How to Live in the Best School District

school district school bus

A school district can affect your choice of a new home — even if you don’t have children. School district quality is tied to home value, for multiple reasons. As you search for the ideal home for your family, consider the school district.


Why School District Matters

Whether you have children in public school or not, your school district affects your home’s value. Real estate website Trulia says, “during tougher economic times that trigger declines in home values, homes in better school districts usually hold their value more than homes in lower-quality school districts.” So you may pay more for your home, and pay higher property taxes, but the investment can pay off. Homes in better districts also tend to sell faster.

Of course, if you do have children or plan to, the school they attend significantly affects all of your lives. You naturally want your child to get a good education, but also to experience a supportive environment and solid friendships.


Factors to Weigh

U.S. News and World Report writes, “For the most part, the numbers you’re probably interested in are test scores.” They go to say, however, that test scores should not be your only consideration. Also consider the age of the schools, the condition of their facilities, graduation rates and student-to-teacher ratios. Find out what levies are in place or up or a vote that will funnel money toward future school improvements.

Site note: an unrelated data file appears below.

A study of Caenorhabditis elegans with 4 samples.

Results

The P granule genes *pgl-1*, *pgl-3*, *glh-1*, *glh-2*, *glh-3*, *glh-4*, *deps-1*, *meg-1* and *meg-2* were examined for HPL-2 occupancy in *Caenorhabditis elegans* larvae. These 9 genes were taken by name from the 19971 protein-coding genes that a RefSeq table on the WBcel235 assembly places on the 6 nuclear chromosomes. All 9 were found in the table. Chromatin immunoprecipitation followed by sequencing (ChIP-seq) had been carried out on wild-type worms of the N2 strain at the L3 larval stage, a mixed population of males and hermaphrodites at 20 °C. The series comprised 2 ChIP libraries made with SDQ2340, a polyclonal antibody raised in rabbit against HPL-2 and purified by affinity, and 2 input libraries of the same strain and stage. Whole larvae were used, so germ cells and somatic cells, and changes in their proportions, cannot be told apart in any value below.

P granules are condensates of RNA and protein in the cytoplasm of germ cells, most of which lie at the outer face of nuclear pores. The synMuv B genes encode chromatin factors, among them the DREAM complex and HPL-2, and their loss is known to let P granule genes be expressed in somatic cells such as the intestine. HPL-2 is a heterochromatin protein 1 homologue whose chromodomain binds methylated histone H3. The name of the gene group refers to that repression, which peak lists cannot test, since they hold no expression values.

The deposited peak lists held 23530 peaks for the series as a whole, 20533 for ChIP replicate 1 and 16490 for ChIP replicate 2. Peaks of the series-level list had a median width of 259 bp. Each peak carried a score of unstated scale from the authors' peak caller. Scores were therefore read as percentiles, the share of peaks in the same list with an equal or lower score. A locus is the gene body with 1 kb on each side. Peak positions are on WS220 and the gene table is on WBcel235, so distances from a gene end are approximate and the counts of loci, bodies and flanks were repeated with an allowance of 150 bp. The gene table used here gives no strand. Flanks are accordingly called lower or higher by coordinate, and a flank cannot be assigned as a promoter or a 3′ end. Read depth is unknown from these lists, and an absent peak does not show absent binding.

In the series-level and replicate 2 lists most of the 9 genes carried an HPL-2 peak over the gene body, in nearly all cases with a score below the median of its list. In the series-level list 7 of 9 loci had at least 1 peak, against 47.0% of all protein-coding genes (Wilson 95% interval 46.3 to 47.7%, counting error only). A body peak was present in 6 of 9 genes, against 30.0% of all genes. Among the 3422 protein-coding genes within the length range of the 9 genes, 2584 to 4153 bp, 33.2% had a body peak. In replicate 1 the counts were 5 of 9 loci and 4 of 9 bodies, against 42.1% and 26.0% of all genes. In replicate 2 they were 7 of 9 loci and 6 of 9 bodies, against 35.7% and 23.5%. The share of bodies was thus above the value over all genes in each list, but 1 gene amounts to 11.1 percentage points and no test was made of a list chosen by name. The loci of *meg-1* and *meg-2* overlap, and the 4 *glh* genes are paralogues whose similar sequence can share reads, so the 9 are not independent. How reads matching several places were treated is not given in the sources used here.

If the public schools in an otherwise desirable neighborhood don’t live up to your expectations, charter or magnet schools can offer an alternative. However, charter or magnet schools accept a limited number of students, sometimes using a lottery system, so you may not want to depend on luck.


Where to Start

It makes sense to start by asking questions of your realtor, but under the Fair Housing Act Realtors cannot answer certain questions. The Fair Housing Act “prohibits any real estate professional from steering prospective home buyers or renters toward or away from a community based on any of the classes under federal protection” such as race or religion. Therefore, your realtor cannot give you an opinion but can refer you to sources of facts about a district.

Visit the sites individual school districts to look for test scores and rankings. Also, check sites like or U.S. News and World Report. Ask friends and potential neighbors for input as well.


How to Decide

School district boundaries change occasionally. Always double-check with the district to make sure your potential home is actually in the district you think.

Once you have the options narrowed down, visit schools that your children could eventually attend. This applies both to public and private schools. Ask to meet the principal and take a tour. Bring your children along. You will get a sense of the atmosphere and how the staff treats people.

If you’re considering a private school, assess the commute. Try driving the route during the actual time that you would take your child to school or pick them up. Ask about entrance requirements.

Keep in mind that, for your kids, school is more than academics. Look beyond test scores and class size with their interests in mind. Does the school offer extracurricular activities or sports that your kids enjoy? Does your child already know anyone at their new school? Think about yourself as well, and how likely you are to click with other parents.

As you shop for a home, you already have a range of factors on your mind. However, most home buyers consider school district among the most important.